On the surface, Mothers Day is one of those feel-good holidays that spans ethnicities, socioeconomic groups, age groups and political associations. Most people want to acknowledge their mothers if they are here, remember their moms if they are gone, and offer thanks to other moms they know.

But Mothers Day has a painful side for many people. There is the typical bittersweet feelings we have if our moms have died. I miss my mother today: I miss how we would go to museums and talk about the artworks we saw, how we would go to ballet performances and discuss them, how we would talk about important things as well as mundane things. We would talk shop as well, because my mother, Leah (Jainchill) Levitt had worked for many years as a teacher, and then I taught as well. Our relationship was not perfect, but we enjoyed each others company greatly, we loved each other, we learned from each other, we could make each other laugh. And some of my favorite memories are of baking hamantaschen for Purim with my mom, and her helping me prepare and run fundraising activities at our Hebrew school and shul. My older daughter's middle name commemorates my mom.


And while I have only the briefest memory of my maternal grandmother Beatrice, I remember well my paternal grandmother Jennie. She was a really good cook, could be humorous as well as garrulous, and made an impression on practically everyone she met. Whenever I bake a lukshen (noodle) kugel, I think of Grandma. On Pesach I think of her seder meals from when I was very little.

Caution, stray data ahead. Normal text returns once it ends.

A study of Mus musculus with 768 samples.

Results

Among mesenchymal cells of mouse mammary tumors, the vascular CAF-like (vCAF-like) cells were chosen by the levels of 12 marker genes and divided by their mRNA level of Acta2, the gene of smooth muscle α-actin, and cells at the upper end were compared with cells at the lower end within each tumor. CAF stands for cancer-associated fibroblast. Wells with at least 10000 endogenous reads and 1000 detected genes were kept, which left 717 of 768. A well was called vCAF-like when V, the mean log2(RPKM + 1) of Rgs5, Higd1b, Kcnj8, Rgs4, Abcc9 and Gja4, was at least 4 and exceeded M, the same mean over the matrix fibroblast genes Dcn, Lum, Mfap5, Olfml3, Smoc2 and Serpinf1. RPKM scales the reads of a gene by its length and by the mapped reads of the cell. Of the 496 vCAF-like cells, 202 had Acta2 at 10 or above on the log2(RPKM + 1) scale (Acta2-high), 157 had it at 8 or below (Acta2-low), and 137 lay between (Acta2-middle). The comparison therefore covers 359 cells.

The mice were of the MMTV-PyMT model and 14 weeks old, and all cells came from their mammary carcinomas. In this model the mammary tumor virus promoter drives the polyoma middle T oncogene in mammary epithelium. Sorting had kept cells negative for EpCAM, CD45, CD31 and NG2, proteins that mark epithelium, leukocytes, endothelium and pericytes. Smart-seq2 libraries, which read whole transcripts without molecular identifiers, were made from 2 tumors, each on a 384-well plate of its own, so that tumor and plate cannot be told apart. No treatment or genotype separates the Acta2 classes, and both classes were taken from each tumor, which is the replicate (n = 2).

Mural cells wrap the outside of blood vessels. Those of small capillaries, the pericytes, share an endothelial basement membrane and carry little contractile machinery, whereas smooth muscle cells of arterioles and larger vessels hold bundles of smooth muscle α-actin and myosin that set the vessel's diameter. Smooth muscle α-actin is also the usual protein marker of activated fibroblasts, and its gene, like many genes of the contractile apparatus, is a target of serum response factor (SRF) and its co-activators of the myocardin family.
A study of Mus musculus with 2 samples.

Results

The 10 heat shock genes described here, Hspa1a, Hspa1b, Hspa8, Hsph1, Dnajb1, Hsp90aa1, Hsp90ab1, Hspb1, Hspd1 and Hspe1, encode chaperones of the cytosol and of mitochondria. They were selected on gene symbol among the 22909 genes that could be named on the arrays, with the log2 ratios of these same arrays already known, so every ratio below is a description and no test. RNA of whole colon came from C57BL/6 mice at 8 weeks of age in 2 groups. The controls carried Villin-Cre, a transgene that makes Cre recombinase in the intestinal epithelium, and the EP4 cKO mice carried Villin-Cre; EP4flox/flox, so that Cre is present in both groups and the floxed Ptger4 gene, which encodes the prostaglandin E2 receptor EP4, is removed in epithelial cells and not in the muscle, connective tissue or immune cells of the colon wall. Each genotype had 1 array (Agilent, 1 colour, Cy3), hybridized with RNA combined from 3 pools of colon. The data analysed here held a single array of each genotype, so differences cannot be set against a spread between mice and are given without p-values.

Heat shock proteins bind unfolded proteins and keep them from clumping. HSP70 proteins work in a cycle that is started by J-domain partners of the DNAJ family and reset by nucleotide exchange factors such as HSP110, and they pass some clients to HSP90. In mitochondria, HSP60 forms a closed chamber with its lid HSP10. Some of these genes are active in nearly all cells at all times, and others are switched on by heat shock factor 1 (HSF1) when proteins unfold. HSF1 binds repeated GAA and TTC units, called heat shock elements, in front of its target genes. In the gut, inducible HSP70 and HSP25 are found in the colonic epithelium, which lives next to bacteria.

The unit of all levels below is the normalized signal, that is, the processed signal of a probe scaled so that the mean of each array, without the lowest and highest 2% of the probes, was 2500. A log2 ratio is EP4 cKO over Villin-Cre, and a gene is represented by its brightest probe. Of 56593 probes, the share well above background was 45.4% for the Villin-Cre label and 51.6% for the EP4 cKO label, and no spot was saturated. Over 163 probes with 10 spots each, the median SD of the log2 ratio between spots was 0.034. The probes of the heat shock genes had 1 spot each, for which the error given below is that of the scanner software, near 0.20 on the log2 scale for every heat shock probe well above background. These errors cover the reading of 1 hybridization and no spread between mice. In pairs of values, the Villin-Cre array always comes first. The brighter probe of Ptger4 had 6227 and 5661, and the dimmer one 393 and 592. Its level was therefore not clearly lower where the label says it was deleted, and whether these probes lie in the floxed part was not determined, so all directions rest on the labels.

But I know some people have a lot of angst around Mothers Days as well, if they had difficult relationships with their mothers and other women in their families. Some women who do not have their own children chafe at the sentimentality of Mothers Day.

And then there is the mother of Etan Patz. In 1979 little Etan, a Jewish kid from Manhattan, went missing and was never found. His bottomlessly sad story was recently in the news in New York City, and elsewhere, because a man was on trial for his murder. I cannot help but feel such pity for this woman, whose son was gone at the tender age of six, his body never found, his true whereabouts ultimately unknown. If your child dies in an accident or of illness, it is so very sad but you still have closure. If you and your child have terrible fights and disagreements, you can still be aware of your child's whereabouts. But Julie Patz has had to deal with 36 years of sorrow because of what has happened to her son, and she has had to endure her awful pain in public. I think on Mothers Day we have to acknowledge that for some women, Mothers Day is a very tough situation.